The horse

Secretariat

Secretariat. Charles LeBlancCC BY-SA

They’re gathered at the kitchen table—Daddy, Mama, Grannie, Earnie— as Mama shuffles the cards. With a riffling “flflflflflflflflflflt,” she makes the cards fall in a fancy bridge finish. I don’t know how she does it. They’re playing Canasta. Cigarette smoke hangs thicker than fog in the close kitchen; Grannie is the only one who doesn’t smoke. I sometimes think that the white cloud pouring like an upside-down waterfall from Earnie’s lips straight up to her nostrils looks kind of dragonish. I wonder again why she’s not married, being my mother’s older sister. My sister and I almost never call her Aunt. She’s just Earnie. 

I can’t stay in the kitchen for long. The smoke stings my eyes and makes me cough. I watch cartoons with my sister for a while on TV, then drift back to my room to look at my at rock and mineral sticker books, until I am thirsty and come back to the kitchen for Kool-Aid. The grown-ups pay me no mind; they’re into their game. I pay them no mind as I get my drink from a pitcher in the refrigerator.  

Until I hear them saying a strange name. One I’ve heard on TV.

A lot. 

It sounds like “secretary.”

Earnie is a secretary. For something called Sybil Service. For the Army, I think, but she doesn’t wear a uniform. She can write in shorthand. I have seen her notepads and her little squiggles look made up. How can those little curly marks mean anything at all?

But they’re not talking about a person. I can tell by the way they say the name that there’s something very important about it. 

“Who is Secretary It?” I ask. I gulp my Kool-Aid. 

Secretariat,” Daddy says, enunciating clearly, frowning at his cards. “He’s a racehorse that just made history. He won the Triple Crown—ran so fast that he left all the other horses behind like they were just standing still.” 

Secretariat. Secretariat.

The name is as strange as Earnie’s shorthand. It uncurls in my head like a wisp of smoke. The way Daddy says it is the way people speak in church before the preacher preaches. When the music is just beginning. 

Part of me suddenly envies this horse who can run so fast, who’s so strong. I can’t run. When I do, I can’t breathe; my asthma is as heavy as a horse sitting on my chest and all I can do is wheeze until it passes.

But another part of me tastes something sweeter than Kool-Aid when I whisper his name.

Which I do, over and over.

Secretariat.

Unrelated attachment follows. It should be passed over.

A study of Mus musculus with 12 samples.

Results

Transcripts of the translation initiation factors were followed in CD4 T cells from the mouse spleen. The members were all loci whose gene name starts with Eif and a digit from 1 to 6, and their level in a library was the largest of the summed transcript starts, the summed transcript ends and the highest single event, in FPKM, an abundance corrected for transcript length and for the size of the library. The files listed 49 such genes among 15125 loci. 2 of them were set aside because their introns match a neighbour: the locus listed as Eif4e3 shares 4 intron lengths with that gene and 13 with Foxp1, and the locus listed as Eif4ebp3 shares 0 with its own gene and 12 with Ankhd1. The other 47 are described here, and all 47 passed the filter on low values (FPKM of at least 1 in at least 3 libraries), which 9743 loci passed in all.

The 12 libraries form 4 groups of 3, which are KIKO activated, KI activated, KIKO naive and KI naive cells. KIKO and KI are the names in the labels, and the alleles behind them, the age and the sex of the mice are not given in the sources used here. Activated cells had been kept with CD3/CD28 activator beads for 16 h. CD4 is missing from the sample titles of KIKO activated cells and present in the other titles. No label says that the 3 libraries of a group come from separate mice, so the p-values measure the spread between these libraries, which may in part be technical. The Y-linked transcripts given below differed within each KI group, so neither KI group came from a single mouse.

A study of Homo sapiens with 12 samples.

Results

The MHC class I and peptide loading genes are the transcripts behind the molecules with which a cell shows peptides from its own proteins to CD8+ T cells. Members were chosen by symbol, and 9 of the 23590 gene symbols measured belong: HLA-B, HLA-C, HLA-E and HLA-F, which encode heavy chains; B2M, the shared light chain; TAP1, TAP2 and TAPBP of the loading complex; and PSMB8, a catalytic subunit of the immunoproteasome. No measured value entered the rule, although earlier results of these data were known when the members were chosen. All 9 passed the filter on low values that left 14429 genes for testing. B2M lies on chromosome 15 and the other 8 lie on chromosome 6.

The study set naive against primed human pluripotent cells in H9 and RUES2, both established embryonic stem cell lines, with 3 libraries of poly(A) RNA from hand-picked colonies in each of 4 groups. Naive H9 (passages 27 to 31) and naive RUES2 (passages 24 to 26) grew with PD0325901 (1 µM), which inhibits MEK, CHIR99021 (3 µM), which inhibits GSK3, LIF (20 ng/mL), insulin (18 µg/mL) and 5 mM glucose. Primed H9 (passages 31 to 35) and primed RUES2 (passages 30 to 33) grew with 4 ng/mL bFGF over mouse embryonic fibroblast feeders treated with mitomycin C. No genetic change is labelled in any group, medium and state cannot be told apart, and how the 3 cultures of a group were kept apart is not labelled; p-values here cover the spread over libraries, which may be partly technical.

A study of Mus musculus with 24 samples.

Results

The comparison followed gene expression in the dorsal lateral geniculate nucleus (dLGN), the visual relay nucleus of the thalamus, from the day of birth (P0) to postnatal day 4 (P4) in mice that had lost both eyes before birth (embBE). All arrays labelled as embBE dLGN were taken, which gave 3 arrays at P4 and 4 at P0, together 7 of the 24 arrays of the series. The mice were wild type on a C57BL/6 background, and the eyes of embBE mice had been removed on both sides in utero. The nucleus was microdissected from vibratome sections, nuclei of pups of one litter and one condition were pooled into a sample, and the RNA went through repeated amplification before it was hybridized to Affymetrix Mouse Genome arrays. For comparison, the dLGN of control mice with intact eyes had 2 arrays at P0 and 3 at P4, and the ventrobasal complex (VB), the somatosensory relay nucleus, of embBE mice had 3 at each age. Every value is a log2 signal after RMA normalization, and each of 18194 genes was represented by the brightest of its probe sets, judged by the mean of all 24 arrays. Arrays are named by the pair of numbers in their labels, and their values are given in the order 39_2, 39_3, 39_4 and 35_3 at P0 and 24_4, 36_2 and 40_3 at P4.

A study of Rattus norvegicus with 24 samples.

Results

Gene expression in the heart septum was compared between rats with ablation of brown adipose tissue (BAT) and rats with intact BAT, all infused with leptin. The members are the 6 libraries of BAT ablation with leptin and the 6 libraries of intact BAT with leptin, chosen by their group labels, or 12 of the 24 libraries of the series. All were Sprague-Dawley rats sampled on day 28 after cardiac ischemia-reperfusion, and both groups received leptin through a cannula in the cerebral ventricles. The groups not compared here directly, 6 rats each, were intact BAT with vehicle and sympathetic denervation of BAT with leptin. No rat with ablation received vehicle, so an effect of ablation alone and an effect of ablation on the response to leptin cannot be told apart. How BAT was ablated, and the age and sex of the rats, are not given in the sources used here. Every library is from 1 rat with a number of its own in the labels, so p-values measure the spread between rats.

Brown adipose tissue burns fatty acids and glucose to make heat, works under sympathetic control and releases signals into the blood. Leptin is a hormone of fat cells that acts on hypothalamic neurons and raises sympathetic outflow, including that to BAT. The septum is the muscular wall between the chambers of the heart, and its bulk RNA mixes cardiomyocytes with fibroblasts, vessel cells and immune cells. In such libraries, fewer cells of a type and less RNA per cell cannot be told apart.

*******

I don’t remember seeing him run or win the Triple Crown in 1973. I didn’t know he was the first such winner since 1948, that he broke records with his times, that he won the Belmont by 31 lengths—so much that when I look at the old footage now, the other horses aren’t even in the frame with him. I didn’t know anything about horse racing at all, nothing about the big money, or betting, or odds.

But I remember the awe, the utter reverence, with which his name was spoken. His image, a magnificent, glossy red horse with three white-stockinged legs, soon became familiar to me.

What I understood instantly, the day I learned of him, is that he was the stuff of legend. His name tasted of rare glory, of something almost otherworldly. It’s possible that Secretariat was the beginning of my love of things fantastic.

I celebrate Justify’s recent Triple Crown win. I pulled for him all the way, holding my breath, tears flooding my eyes when he crossed the finish line, another beautiful chestnut horse excelling at exactly what he was born to do.

And I marvel at my weepiness, at my need to go back and watch the clips of Secretariat, to read about him one more time. It’s a longing born of wonder, of the crystallized moment that this big red horse with the strange name seeped into my heart like the red Kool-Aid stain above my lip, sparking something magical in the little girl that I was.


  1. I was pulled to your slice because I loved horses growing up. I read all sorts of books about them, fiction and nonfiction. There is some kind of magic in watching a horse run. Thank you for sharing this memory with us.

    Liked by 1 person

    • I agree about the magic of watching a horse run – few things are so magnificent. Secretariat seemed to take it to a near-mythological level. Thank you for reading my nostalgic remembrance of him.


    Liked by 1 person

    • Thanks so much, Elsie. Took me a few years to realize the magnitude of what Secretariat accomplished, but I vividly remember learning his name and the reverence of it. So glad you enjoyed my slice of long ago. 🙂

      Liked by 1 person

  3. Once again, I feel like I’m tasting a memoir that should be on my library shelves. I could smell that smoke and taste the KoolAid, and I’m pretty sure I owned the same sticker book. Thanks for your storytelling magic, Fran.

    Liked by 1 person

    • I’d forgotten the sticker book until I immersed myself in this long-ago scene. It’s fascinating what comes flooding back when I mentally walk there again. The moment I learned of Secretariat is so oddly vivid in my memory. Funny how old things can stir and breathe again after lying dormant for so long. Thank you so much for savoring my story, Chris.